We expect continued turbulence across healthcare delivery in 2018, driven by policy uncertainty at the top and continued pressure for affordability and quality care from employers, consumers, and payers. Prodded by MACRA and commercial payers, the use of care models that incorporate accountability for cost and quality is slowly expanding. As our Healthcare Delivery Outlook infographic illustrates, 2018 will be about the search for a more sustainable model through changes in roles and relationships. Hospitals, systems and IDNs, as buyers, sellers and partners, will engage in new and different ways with CMS, payers, consumers, employers, pharma and device suppliers, physicians, retail clinics and post-acute care.

Delivery organizations will look to make up for shrinking reimbursement by reducing vendor pools, consolidating volumes, and requiring discounts, risk sharing, and other concessions from pharma and device suppliers. The high cost of specialty drugs will continue to be a sporadic headline issue, settled case-by-case absent a draconian policy solution, which is not likely.

The growing burden of deductibles and copays will slowly reshape non-emergent healthcare purchases to look more like other consumer transactions. Public demands for transparency in pricing and quality will stimulate development of tools to facilitate comparison shopping. Meanwhile, employers will engage in more direct contracting, while payers seek joint ventures with delivery, especially around ACOs. Payers will also pursue more risk-based reimbursement arrangements.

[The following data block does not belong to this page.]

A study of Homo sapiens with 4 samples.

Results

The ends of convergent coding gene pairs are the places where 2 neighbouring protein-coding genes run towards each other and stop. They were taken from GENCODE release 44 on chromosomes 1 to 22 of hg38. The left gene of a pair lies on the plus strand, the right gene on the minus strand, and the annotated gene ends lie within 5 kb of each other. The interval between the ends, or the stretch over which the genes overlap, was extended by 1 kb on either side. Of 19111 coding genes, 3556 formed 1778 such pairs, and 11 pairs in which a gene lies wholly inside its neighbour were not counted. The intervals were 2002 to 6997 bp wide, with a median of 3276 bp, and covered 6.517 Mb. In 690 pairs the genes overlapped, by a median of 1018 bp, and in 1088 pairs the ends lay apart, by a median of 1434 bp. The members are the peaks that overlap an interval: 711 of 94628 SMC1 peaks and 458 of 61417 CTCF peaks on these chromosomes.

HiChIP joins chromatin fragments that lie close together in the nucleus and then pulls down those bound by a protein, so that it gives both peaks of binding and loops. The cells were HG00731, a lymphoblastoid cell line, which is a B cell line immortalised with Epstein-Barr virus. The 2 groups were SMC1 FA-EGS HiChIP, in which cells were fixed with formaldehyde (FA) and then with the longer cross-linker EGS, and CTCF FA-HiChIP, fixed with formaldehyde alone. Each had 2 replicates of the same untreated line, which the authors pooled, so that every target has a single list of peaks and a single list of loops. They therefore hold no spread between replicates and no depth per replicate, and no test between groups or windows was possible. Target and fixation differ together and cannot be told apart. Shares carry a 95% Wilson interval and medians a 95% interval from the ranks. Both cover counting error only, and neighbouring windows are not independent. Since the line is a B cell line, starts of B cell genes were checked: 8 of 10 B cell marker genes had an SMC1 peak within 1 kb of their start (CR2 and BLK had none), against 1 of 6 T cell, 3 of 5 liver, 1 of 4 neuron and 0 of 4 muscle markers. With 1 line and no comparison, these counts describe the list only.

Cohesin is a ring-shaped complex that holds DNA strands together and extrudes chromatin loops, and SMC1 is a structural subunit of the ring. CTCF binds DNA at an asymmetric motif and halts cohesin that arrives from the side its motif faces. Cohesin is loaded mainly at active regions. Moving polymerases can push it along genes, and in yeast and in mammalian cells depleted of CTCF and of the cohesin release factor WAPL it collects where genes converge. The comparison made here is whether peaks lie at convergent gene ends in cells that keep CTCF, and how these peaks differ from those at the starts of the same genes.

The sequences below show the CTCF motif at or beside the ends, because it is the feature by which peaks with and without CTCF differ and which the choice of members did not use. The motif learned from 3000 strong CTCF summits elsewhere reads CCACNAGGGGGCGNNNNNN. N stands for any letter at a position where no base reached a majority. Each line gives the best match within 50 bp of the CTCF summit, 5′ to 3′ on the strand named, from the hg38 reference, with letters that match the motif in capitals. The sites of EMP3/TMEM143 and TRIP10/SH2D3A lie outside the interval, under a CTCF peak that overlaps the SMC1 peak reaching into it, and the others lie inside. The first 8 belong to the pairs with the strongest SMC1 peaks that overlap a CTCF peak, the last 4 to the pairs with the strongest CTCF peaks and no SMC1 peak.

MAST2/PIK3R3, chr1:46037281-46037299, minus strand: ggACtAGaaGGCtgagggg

Growing emphasis on total cost of care will drive integration across the care continuum by contracting organizations. Acute care providers will continue to evolve their strategies to make care more accessible and appropriate through retail and urgent care clinics, telehealth services, centralized scheduling with physicians, and coordination with post-acute care providers. Consolidated delivery organizations will focus on sharing data, standardizing processes and aligning incentives. Consolidation among acute care providers and acquisition of physician practices will continue.

Given this outlook, what’s next?  We recommend these key action steps:

At Numerof & Associates, we support healthcare delivery organizations in achieving these key action steps for success in today’s evolving healthcare landscape. From competitive strategy to implementation of new payment and delivery models, we have solutions. Read more about our perspectives and solutions for healthcare delivery and see our case studies.

Need critical insights across the healthcare sector? Check out our 2018 outlook infographics for pharmaceuticalsmedical devices and diagnostics, and payers.